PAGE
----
Dodgy software enabled VW cars to pass emissions tests despite producing up to 40 times the legal limit of deadly pollution.
But although it was caught red-handed VW has faced no punishment in the UK. In fact, its business is soaring, posting record €4.4bn worldwide profits for the first quarter of 2017 alone.
At the same time, evidence of diesel’s danger to human health has strengthened and people continue to suffer, not helped by the government recently ducking its legal and moral responsibility to sort out our diesel pollution problem.
Many in the car industry seem determined to peddle the line that old diesel cars were polluting but new ones are, essentially, fine.
Unfortunately, that’s just not true.
So here are 10 facts that show the depth of the problem with diesel and why Friends of the Earth is campaigning for a total phase out of the fuel source in all road transport by 2025.
1. Diesel exhaust causes cancer…
According to the World Health Organisation (WHO), diesel is a Group 1 carcinogen, meaning that it causes cancer in humans. That’s the same class as tobacco and mustard gas.
2. …and all manner of other health problems
Nitrogen Oxides (NOx) and small particles known as Particulate Matter (PMs) – both prevalent in diesel fumes – combine to contribute to up to 36,000 premature deaths a year in the UK. That’s more than tobacco or obesity.
The tiny ‘PM2.5’ particles released by diesel vehicles are so small that they can travel deep into the lungs, aggravating breathing problems such as asthma, and lead to worsening of heart and lung diseases.
According to Dr Jonathan Grigg, from Doctors Against Diesel:
“If you’re going to design something that would effectively deliver a toxic substance into the lungs, you couldn’t do better than the diesel soot particle.”
3. Diesel causes climate change
Much though car companies would like you to think diesel is the ‘green’ alternative to petrol, there’s no getting away from the fact that burning diesel produces greenhouse gases and worsens global warming. There are also serious questions about the extent to which diesel produces less carbon than petrol when burned, as has long been claimed.
4. Diesel cars cause most of the problem
Industry lobbyists complain that diesel cars are singled out unfairly given the relatively small proportion of the UK’s total NOx pollution for which they are responsible. It’s a flawed argument.
What matters is where NOx pollution does the most damage to people, i.e. where it can quickly enter our lungs before it disperses in the atmosphere.
For instance, NOx emitted from a diesel car’s exhaust pipe at buggy level, in a crowded city, is far more harmful than NOx billowing out of a 100m chimney in the middle of the countryside.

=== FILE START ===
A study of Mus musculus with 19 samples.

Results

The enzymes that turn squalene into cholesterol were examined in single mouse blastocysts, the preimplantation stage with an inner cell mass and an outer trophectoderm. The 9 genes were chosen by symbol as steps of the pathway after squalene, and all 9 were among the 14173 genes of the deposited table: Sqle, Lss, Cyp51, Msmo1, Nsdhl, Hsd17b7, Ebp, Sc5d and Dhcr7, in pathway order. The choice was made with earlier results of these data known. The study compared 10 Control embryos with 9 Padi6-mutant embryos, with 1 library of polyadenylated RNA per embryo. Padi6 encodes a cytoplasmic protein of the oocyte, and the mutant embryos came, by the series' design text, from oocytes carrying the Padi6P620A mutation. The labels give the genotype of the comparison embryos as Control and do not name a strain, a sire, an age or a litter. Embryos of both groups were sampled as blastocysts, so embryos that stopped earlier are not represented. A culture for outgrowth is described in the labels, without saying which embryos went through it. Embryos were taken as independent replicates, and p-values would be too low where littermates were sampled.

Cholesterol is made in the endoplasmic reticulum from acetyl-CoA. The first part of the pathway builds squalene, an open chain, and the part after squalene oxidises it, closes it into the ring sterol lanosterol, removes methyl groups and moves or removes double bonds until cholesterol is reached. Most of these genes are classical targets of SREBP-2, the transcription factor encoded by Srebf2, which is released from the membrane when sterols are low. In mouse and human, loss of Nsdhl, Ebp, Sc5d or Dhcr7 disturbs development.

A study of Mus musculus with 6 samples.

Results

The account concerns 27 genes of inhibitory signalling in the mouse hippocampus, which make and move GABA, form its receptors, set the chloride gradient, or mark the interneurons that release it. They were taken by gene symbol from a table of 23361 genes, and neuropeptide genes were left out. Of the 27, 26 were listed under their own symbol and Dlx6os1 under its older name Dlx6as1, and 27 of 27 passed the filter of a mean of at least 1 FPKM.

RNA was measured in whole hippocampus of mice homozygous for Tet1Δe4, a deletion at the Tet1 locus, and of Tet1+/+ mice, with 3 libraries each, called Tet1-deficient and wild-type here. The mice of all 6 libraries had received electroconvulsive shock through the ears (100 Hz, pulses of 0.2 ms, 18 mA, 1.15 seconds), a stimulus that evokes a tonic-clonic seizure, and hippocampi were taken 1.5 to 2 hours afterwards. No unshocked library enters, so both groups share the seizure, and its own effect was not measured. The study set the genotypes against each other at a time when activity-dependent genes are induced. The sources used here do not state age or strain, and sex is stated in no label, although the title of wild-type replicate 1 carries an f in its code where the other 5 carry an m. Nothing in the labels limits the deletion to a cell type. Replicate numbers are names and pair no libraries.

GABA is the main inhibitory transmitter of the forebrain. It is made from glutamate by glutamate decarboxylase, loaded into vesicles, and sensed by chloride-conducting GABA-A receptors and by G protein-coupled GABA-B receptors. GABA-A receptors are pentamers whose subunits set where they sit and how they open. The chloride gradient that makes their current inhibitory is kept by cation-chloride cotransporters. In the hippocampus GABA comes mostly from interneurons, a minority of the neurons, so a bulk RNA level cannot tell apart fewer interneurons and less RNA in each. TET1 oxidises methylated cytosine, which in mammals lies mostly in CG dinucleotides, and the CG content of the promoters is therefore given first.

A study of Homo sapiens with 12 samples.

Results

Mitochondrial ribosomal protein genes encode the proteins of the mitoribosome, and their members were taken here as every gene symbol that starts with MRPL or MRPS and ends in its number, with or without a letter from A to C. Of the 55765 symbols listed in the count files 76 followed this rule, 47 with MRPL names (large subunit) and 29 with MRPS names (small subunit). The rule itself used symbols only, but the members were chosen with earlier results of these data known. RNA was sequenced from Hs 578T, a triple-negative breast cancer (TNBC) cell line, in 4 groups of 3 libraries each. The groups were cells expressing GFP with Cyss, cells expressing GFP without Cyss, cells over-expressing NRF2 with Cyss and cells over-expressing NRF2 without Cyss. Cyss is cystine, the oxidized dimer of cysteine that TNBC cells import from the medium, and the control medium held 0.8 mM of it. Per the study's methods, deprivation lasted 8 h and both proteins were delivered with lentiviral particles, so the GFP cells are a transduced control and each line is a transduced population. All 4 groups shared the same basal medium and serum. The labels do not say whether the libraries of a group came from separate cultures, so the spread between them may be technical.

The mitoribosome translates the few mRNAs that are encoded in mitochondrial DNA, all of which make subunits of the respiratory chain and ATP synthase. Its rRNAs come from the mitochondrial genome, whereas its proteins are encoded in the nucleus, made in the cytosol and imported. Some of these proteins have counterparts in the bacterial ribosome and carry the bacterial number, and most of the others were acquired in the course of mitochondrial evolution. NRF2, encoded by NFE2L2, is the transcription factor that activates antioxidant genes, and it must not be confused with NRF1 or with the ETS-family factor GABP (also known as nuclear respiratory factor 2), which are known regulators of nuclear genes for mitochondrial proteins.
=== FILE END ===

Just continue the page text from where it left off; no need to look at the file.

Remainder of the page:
Or as a colleague pithily put it, “most darts are thrown at dart boards. It's the ones thrown at people's heads we'd like to get rid of.”
The government's latest analysis found that:
"road transport is responsible for some 80% of NOx concentrations at roadside, with diesel vehicles the largest source in these local areas of greatest concern."
5. Diesel cars are 10 times as polluting as petrol cars
Diesel cars emit around ten times as much NOx as their petrol equivalents according to the organisation Transport and Environment. Even the latest so-called ‘Euro 6’ diesel cars emit five times the NOx of comparable petrol cars – as noted by Policy Exchange (see page 11 of their report).
6. Pollution filters are routinely removed from diesel cars – and it’s legal
Modern diesels are fitted with a Diesel Particulate Filter (DPF) to trap dangerous soot particles before they leave the exhaust pipe. But irresponsible garages offer to remove these filters for just a few hundred pounds, in order to make the cars more enjoyable to drive.
Friends of the Earth won a campaign to ban advertising for this service, but the practice still appears rife, meaning many diesels are polluting far more than they were when they were manufactured.
7. The diesel testing regime is still broken
As of September 2017, all new diesels have to pass ‘Real Driving Emissions’ tests, designed to better replicate normal driving conditions than the old, flawed, lab tests that facilitated the VW scandal. But investigations indicate that this new regime fails to pick up the extent to which diesels’ emissions remain dangerously high in real world conditions like rush hour.
8. There are around 12 million diesel cars on UK roads
The number of diesel cars in the UK has gone up from 1.6 million – or 7% of the fleet in 1994 – to around 12 million today. Diesel vehicles still represent 47% of new car sales in the UK, up from around 13% a decade ago, although sales are now falling as concerns grow about air pollution.
Even second hand diesels are dropping in value as drivers and dealerships alike rush to ditch diesel.
9. Electric cars are now a viable alternative to diesel
In the past four years, there has been a 26-fold increase in registration of electric cars in the UK. Electric cars are almost as cheap to own as petrol cars, and the latest models have a range of several hundred miles.
As our blog on electric vehicles shows, they are now a viable alternative to diesel, alongside better public transport and cycling options.
10. You can measure the level of nitrogen dioxide, one of the pollutants pumped out by diesels, where you are
We’ve developed a Clean Air Kit that allows you to find out about air pollution where you live. Thousands have already ordered theirs and joined the national movement to ensure everyone, wherever they live, can breathe clean air. And you can too.
And you can help us ditch diesel. We're calling on the government to completely end all diesel use on our roads by 2025.